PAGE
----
Employment Law Under the Trump Administration

Employment Law

Employment Law Under the Trump Administration

Apr 10, 2017 | Employment Law

Like it or not, Donald Trump is the 45th President of the United States of America. Now that the initial shock has worn off, it’s time to evaluate how federal employment laws, regulations, and enforcement may shift under the Trump Administration.

While President Trump has not spoken at length regarding employment law since taking office, his pro-business philosophy and nomination of Andrew F. Puzder, a former restaurant executive, for Secretary of Labor (Puzder later withdrew his name from consideration) suggests that the Trump Administration will be significantly more employer-friendly than the Obama Administration

The Trump Administration is expected to roll back federal protections for workers and implement policies that favor businesses. So far, President Trump’s forays into the employment arena have had mixed results:

  • Affordable Care Act: It is well known that President Trump’s efforts to repeal the Affordable Care Act (ACA) in March 2017 failed, although the Administration may pursue further efforts to supplant the ACA, which could profoundly impact employers and employees.
  • Blacklisting Rule: On March 27, 2017, President Trump repealed a rule requiring federal contractors to disclose workplace violations when bidding on certain government contracts.

Moving forward, watch for the following possible changes to employment law under the Trump Administration:

  • Wage and Hour Regulations: One of the Department of Labor’s (DOL) signature achievements under the Obama Administration was overhauling the Fair Labor Standards Act (FLSA) to roughly double the minimum salary required for an employee to qualify for an exemption to the FLSA’s overtime requirement (from $23,600/year to $47,476/year). These regulations were set to go into effect on December 1, 2016, but on November 22, 2016, a federal court blocked the implementation of the changes. The DOL under the Obama Administration appealed the ruling, but the Trump DOL is likely to either withdraw the appeal or change the regulations, which would leave in effect the overtime regulations last revised in 2004.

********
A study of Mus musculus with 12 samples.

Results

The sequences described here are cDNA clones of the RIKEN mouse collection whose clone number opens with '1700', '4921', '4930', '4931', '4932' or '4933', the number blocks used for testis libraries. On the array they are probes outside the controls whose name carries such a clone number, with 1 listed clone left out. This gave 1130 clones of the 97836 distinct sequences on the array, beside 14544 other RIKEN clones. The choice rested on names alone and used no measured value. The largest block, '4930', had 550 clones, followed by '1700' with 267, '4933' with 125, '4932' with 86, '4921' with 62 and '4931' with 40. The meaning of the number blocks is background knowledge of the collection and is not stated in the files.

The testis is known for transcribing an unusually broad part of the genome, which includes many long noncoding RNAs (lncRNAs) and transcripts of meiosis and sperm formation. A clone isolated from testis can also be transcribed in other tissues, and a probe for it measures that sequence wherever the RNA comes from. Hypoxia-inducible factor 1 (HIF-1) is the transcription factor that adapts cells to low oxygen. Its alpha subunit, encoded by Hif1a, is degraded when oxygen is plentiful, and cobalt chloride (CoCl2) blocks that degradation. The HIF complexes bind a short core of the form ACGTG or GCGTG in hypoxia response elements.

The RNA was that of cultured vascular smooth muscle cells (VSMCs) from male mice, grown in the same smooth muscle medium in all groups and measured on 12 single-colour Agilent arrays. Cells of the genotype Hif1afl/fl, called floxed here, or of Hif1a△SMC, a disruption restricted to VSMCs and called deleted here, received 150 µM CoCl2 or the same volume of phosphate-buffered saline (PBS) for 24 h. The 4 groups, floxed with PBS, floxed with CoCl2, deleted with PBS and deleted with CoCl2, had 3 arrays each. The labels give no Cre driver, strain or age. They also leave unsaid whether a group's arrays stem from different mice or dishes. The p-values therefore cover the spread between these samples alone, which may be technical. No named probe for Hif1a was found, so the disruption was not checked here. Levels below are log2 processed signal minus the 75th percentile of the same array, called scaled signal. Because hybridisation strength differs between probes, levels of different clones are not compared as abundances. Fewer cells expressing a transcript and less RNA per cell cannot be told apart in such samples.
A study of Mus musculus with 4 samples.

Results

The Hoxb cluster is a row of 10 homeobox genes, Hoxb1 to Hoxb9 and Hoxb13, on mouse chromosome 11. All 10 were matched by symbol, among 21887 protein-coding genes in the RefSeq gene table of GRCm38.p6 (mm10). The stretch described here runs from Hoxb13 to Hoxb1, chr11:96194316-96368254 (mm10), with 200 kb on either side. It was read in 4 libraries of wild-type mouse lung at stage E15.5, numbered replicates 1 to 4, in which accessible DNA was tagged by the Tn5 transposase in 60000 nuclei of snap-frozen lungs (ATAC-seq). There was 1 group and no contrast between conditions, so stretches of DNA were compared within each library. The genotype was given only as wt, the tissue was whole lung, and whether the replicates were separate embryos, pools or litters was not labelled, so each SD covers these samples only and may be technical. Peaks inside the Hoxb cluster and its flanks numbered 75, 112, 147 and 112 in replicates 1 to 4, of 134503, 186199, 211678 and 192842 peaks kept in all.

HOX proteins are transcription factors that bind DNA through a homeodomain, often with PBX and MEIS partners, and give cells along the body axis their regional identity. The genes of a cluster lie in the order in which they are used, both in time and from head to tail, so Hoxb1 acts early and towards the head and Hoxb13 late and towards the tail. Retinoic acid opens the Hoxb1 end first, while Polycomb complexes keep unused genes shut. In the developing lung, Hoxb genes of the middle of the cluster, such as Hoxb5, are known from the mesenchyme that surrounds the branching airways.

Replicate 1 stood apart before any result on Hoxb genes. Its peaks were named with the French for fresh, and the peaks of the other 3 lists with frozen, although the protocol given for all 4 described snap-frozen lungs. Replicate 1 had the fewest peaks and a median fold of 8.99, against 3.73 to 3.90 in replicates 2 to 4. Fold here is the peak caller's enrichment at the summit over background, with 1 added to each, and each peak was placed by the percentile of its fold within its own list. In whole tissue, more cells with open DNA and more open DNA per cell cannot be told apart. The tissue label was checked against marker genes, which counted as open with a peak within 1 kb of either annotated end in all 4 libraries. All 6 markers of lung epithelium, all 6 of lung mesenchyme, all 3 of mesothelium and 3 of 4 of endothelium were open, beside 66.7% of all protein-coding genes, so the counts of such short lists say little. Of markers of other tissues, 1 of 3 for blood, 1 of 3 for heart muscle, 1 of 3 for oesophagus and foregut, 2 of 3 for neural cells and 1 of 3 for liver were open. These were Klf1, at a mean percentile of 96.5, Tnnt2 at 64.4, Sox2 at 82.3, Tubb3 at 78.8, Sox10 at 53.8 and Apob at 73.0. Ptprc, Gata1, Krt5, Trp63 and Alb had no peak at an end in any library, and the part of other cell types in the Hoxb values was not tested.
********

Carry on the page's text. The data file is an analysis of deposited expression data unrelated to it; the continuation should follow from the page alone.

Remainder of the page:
• Equal Employment Opportunity Commission (EEOC) Enforcement Priorities: On January 25, 2017, President Trump appointed EEOC Commissioner Victoria A. Lipnic, who previously voted against the EEOC’s determination that sexual orientation is a protected class under Title VII of the Civil Rights Act, to serve as acting chair. Under the previous chair, the EEOC focused on disability discrimination, gender identity/sexual orientation discrimination, and pay equity. It is likely that the EEOC’s focus will shift away from the latter two priorities under the Trump Administration. In addition, the EEOC under Trump may reverse or modify changes to the Employer Information Report (EEO-1) that require employers to report pay data for all employees by gender, race, and ethnicity starting in 2018.
  • National Labor Relations Board (NLRB): On January 26, 2017, President Trump appointed the lone Republic member of the NLRB to serve as its chairman, and Trump will have an opportunity to shape the NLRB by appointing two new members to the five-person Board. This will likely result in a more employer-friendly NLRB and may result in a reversal of the NLRB’s Browning-Ferris ruling, which broadened the joint employer standard.
  • Paid Family Leave and Affordable Child Care: Without providing details, President Trump has pledged to provide paid family leave and affordable child care to American workers, which is significantly more employee-friendly than his other employment policies.

Stay tuned for further updates on the Trump Administration’s impact on employment law.